For Seniors: How to Fix a Computer Printer
You try to print a document from your computer, but nothing happens. Or worse yet, the printer jams or flashes its lights. In these situations, you need the know-how to fix your printer. Fortunately, here are a few solutions to common printer problems.
Check printed pages for problems
If your computer prints, but the result isn’t good, check for these issues:
Dark vertical or horizontal lines: May be caused by a dirty or damaged printhead (inkjet printer), contamination of components (laser printer), or low ink or toner levels (both types). On a laser printer, these lines may also be caused by a scratch or other damage on the drum, which usually is part of the laser cartridge that’s replaced when toner is depleted.
Uneven print tones: Usually indicate low ink or toner. On a laser printer, other possible causes are damage to the photoreceptor or a light leak into the receptor from a nearby lamp or window.
White vertical lines (laser printers): May be caused by damage to the toner cartridge or debris in the path between the cartridge and the drum. Remove the obstacles or replace the cartridge.
Black or white blotches: May indicate contamination of the drum or the fusing roller. The drum isn’t easy to clean; fix the problem by replacing the cartridge.
Streaky lines (laser printers): Tell you that toner needs to be cleaned off the printer’s rollers or electrostatic parts.
Low resolution or dropouts (inkjet printers): May indicate that the tiny ink nozzles on the print head of an inkjet printer are clogged. Many printers include a utility for cleaning the inkjet head.
Test the printer’s hardware
Make sure that the printer is turned on and plugged into a live electrical outlet. Then try these steps:
Check the printer’s paper and ink levels.
Some printers stop printing when you run out but don’t tell you the problem. Study the printer’s instruction manual to find the meaning of any error lights on the printer or messages on your PC’s monitor.
Check for a paper jam.
Paper jams are usually caused by debris stuck in the paper path, high humidity, or paper that’s not the right weight, grade, or type.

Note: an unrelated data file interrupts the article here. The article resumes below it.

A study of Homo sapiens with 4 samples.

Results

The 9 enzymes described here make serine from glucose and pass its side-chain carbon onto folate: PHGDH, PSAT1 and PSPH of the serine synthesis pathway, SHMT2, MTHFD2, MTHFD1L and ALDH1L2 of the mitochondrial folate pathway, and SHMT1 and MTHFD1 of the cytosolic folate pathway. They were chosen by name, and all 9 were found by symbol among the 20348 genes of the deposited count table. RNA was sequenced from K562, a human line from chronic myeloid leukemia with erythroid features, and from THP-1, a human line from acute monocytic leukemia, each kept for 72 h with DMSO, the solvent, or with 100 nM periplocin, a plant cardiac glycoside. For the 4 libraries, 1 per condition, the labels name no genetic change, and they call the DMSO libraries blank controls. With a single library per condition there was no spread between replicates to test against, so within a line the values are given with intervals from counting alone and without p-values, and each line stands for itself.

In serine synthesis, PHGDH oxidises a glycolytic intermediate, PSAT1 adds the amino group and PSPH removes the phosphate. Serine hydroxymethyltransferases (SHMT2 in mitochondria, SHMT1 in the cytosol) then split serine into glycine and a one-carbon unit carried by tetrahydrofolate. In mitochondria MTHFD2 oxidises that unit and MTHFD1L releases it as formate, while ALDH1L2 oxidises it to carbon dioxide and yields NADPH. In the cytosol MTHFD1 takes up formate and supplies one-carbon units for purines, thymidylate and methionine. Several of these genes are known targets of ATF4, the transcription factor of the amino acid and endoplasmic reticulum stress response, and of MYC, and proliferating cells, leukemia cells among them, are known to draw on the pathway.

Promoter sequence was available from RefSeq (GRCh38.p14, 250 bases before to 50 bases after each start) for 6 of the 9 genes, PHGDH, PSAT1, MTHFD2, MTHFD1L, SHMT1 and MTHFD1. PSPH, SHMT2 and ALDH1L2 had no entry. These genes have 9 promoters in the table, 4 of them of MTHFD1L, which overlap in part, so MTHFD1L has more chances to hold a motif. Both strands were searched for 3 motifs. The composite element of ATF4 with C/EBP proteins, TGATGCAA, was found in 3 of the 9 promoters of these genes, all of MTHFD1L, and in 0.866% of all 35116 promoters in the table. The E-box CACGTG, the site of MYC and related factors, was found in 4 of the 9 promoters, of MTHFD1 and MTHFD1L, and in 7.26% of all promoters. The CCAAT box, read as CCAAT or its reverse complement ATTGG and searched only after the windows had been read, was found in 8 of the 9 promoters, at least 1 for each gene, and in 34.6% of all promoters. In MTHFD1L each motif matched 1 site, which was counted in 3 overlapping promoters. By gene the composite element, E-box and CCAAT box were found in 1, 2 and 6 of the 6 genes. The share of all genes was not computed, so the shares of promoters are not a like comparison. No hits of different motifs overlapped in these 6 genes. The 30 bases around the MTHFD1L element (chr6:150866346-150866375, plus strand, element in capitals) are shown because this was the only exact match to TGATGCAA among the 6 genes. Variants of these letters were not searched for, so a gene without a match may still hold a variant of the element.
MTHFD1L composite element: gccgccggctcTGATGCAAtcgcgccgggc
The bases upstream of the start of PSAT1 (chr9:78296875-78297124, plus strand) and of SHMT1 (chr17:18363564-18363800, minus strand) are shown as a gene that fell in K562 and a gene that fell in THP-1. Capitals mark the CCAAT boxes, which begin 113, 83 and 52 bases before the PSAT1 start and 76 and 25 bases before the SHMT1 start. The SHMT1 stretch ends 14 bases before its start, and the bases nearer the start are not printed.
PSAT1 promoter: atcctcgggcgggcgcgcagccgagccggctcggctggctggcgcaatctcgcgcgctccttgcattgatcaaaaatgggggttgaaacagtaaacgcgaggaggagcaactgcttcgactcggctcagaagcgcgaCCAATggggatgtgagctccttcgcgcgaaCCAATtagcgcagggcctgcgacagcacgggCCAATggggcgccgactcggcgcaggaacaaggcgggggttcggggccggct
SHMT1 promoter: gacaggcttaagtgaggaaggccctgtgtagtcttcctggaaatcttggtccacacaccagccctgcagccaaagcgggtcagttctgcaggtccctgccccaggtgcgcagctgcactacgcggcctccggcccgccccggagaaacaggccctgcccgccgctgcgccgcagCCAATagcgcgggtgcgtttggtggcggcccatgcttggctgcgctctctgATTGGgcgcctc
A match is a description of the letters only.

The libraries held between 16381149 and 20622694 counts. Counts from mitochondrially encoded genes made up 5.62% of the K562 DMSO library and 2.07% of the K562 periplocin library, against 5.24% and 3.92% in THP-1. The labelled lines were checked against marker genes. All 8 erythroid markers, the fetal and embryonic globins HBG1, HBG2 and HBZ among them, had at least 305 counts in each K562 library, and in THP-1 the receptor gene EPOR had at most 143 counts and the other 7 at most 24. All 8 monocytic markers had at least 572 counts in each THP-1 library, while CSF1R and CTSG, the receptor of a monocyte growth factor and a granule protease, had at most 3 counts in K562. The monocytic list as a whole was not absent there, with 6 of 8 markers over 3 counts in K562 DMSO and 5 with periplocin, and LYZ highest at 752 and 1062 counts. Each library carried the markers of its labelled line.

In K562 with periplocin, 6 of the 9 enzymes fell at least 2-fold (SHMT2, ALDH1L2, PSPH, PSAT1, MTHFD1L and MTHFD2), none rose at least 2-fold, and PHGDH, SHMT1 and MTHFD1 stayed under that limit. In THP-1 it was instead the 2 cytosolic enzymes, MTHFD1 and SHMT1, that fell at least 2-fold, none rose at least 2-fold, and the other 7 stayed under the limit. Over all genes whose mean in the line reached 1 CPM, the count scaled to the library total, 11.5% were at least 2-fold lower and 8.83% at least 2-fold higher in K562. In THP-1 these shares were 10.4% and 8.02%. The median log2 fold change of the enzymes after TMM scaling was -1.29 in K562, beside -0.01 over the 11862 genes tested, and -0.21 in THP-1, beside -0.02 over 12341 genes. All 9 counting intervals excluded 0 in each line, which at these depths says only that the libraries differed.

Run the printer’s built-in self-test.
If the self-test fails, and the test program makes no suggestions about repairs, the printer may need professional servicing. (If its warranty has expired, replacing it probably makes more economic sense than repairing it.)
If the self-test works, print a test page.
To send the test page, choose Start→Control Panel→Printers and Faxes (Windows XP), Start→Settings→Printers (Vista), or Start→Devices and Printers (Windows 7). Right-click the printer’s icon and choose Properties (XP and Vista) or Printer Properties (Windows 7) from the shortcut menu. The printer’s Properties dialog box opens. On the General tab, click the Print Test Page button.
If the test page prints successfully, your problem is most likely a setting within a program, such as your word processor. Try resetting the program’s printer options.
If the test page doesn’t print, click the Troubleshoot Printer Problems link in the test-page confirmation message. The resulting help screen presents the most likely problems and helps you find the support Web site for your particular brand of printer.
Switch printer cables and then print a test page again.
If the printer works, the original cable has failed and should be replaced.
Connect the printer cable to a different USB port.
To test the port you use to connect to the printer, plug in another device to see whether the system recognizes its presence.
Check Device Manager.
See whether it’s reporting any hardware failures or indicating a problem with any port or printer drivers.
Hook the printer up to another computer.
That way, you know it’s working properly and can see whether it’ll print.